ENLIGHTENED COURAGE: An Explanation of Atisha’s Seven Point Mind Training Dilgo Khyentse Rinpoche Padmakara Publications: Peyzac-le-Moustier, France, 1992. 120 pp., $20.00 (paperback).

SHORTLY BEFORE HE DIED, Dilgo Khyentse, old man master of the Tibetan Nyingmas, taught for a month in the south of France, in the Dordogne. Enlightened Courage, the book of his talks, makes one envy the people who were there. It is conversational and a clear, witty outline of the heart of Mahayana Buddhism-the Seven Point Mind Training, some sixty slogans carried from India to Tibet by the Buddhist master Atisha in the eleventh century, and written down by his disciple, Chekawa Yeshe Dorje.

Khyentse’s principal topic is bodhicitta, awakened mind, and the absolute and relative ways of uncovering it in oneself. The discovery and continual rediscovery of bodhicitta, the conjunction of emptiness and compassion, is central to Mahayana-indeed, is the heart of all dharma. “If one has bodhicitta (the mind of enlightenment),” Khyentse says, “everything is complete, and nothing is complete without it.”

Thus Enlightened Courage, which opens with sayings on the absolute and progresses to the problems of everyday life, is a handbook on the nature of life and living it. “Consider all phenomena as a dream,” Khyentse instructs in one of the first slogans, and adds: “If we continue to think that everything will remain just as it is, then we will be just like rich people still discussing their business projects on their deathbeds!” He gives instructions on meditating, on controlling one’s temper, one’s panic, one’s selfimportance.

The Mahayana path of putting oneself before others–of loss and blame to oneself, gain and praise to others–is both conventionally irrational and heroic-sounding. But Khyentse makes it seem like common sense from the beginning, “Consider all phenomena as a dream,” to the end, “Be consistent in your practice.” His stories and explanations make living with some realization of emptiness and compassion appear eminently possible, down-to-earth, buoying.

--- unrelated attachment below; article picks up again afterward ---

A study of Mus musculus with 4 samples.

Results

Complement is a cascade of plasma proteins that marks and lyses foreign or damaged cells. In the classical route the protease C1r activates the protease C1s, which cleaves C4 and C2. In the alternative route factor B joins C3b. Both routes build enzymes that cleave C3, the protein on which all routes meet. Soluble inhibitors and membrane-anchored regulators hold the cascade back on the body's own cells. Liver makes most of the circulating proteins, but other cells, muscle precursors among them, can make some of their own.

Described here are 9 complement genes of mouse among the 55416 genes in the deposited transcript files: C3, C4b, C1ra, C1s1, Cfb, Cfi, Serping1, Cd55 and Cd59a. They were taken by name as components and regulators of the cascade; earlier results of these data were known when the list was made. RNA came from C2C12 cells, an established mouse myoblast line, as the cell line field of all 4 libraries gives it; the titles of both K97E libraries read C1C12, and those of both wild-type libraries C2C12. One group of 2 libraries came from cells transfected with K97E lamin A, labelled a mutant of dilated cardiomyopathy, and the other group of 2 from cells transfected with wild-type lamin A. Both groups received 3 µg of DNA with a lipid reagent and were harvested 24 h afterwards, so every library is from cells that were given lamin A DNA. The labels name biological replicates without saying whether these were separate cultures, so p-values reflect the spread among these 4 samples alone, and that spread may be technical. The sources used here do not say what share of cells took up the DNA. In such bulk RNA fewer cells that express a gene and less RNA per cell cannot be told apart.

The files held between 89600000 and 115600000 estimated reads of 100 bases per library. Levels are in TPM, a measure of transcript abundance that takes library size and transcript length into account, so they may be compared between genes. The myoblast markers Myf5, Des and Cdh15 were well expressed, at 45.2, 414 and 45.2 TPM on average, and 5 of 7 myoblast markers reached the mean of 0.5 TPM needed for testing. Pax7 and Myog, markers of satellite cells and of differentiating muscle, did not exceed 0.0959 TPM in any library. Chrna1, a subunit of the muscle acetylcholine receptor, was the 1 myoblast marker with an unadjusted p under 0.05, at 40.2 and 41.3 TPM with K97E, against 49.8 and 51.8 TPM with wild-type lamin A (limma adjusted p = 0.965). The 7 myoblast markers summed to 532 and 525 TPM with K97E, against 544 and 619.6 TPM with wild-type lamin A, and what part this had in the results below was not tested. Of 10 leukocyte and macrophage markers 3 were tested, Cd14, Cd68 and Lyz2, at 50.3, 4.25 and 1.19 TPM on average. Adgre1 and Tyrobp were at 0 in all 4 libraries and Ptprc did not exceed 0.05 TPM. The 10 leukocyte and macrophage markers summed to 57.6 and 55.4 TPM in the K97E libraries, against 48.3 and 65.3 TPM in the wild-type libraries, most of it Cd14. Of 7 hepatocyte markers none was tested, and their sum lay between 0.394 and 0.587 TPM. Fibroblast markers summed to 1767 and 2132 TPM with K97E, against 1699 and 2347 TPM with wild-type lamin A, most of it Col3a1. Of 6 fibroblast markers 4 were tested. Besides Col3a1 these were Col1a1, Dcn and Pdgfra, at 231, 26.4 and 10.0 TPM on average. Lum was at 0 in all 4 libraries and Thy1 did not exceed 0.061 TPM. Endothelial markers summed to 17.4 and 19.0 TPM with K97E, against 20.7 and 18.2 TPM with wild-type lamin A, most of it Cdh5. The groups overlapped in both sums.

As he works his way through the Seven Point Mind Training, he not only inspires, he is breezy and funny:

Once, in one of his previous lifetimes, the Buddha was a universal monarch whose custom it was to give away his wealth without regret. He refused nothing to those who came to beg from him and his fame spread far and wide. One day, a wicked Brahmin beggar came before the king and addressed him, saying, ‘Great king, I am ugly to look upon, while you are very handsome; please give me your head.’ And the king agreed. Now his queens and minister had been afraid that he might do this, and making hundreds of heads out of gold, silver, and precious stones, they offered them to the beggar.

‘Take these heads,’ they pleaded, ‘do not ask the king for his.’

‘Heads made of jewels are of no use to me,’ the beggar replied. ‘I want a human head.’ And he refused to take them.

Eventually they could no longer deter him from seeing the king. The king said to him, ‘I have sons and daughters, queens and a kingdom, but no attachment do I have for any of them. I will give you my head at the foot of the tsambaka tree in the garden. If I can give you my head today, I shall have completed the bodhisattva act of giving my head for the thousandth time.’

To sum up, the king, of course, cuts off his head. Darkness covers the earth, the gods weep, the queens and ministers mourn, and Indra, the lord of gods, offers a life-restoring ambrosia. But the king refuses-he can replace his head simply by the power of his prayers.

‘If in all the thousand acts of kindness of giving my head away beneath the tsambaka tree there was nothing but the aim of benefiting others, unstained by any trace of self-seeking, if I was without resentment or regret, then may my head be once again restored. But if regrets there were, or evil thoughts, or intentions not purely for the sake of others, then may my head remain cut off.’

The head is immediately restored, the queen and ministers rejoice, and all administer the kingdom according to the dharma.

Khyentse’s talks on Seven Point Mind Training move logically from the broad philosophical questions of what, precisely, is true, is real, to the purpose of meditation and the sensible and compassionate ways of behaving toward oneself and others. This slim book, little more than one hundred pages, is deceptively simple, delightfully clear. It is also a book to keep and reread, a book to jolt one out of oneself and back to one’s senses.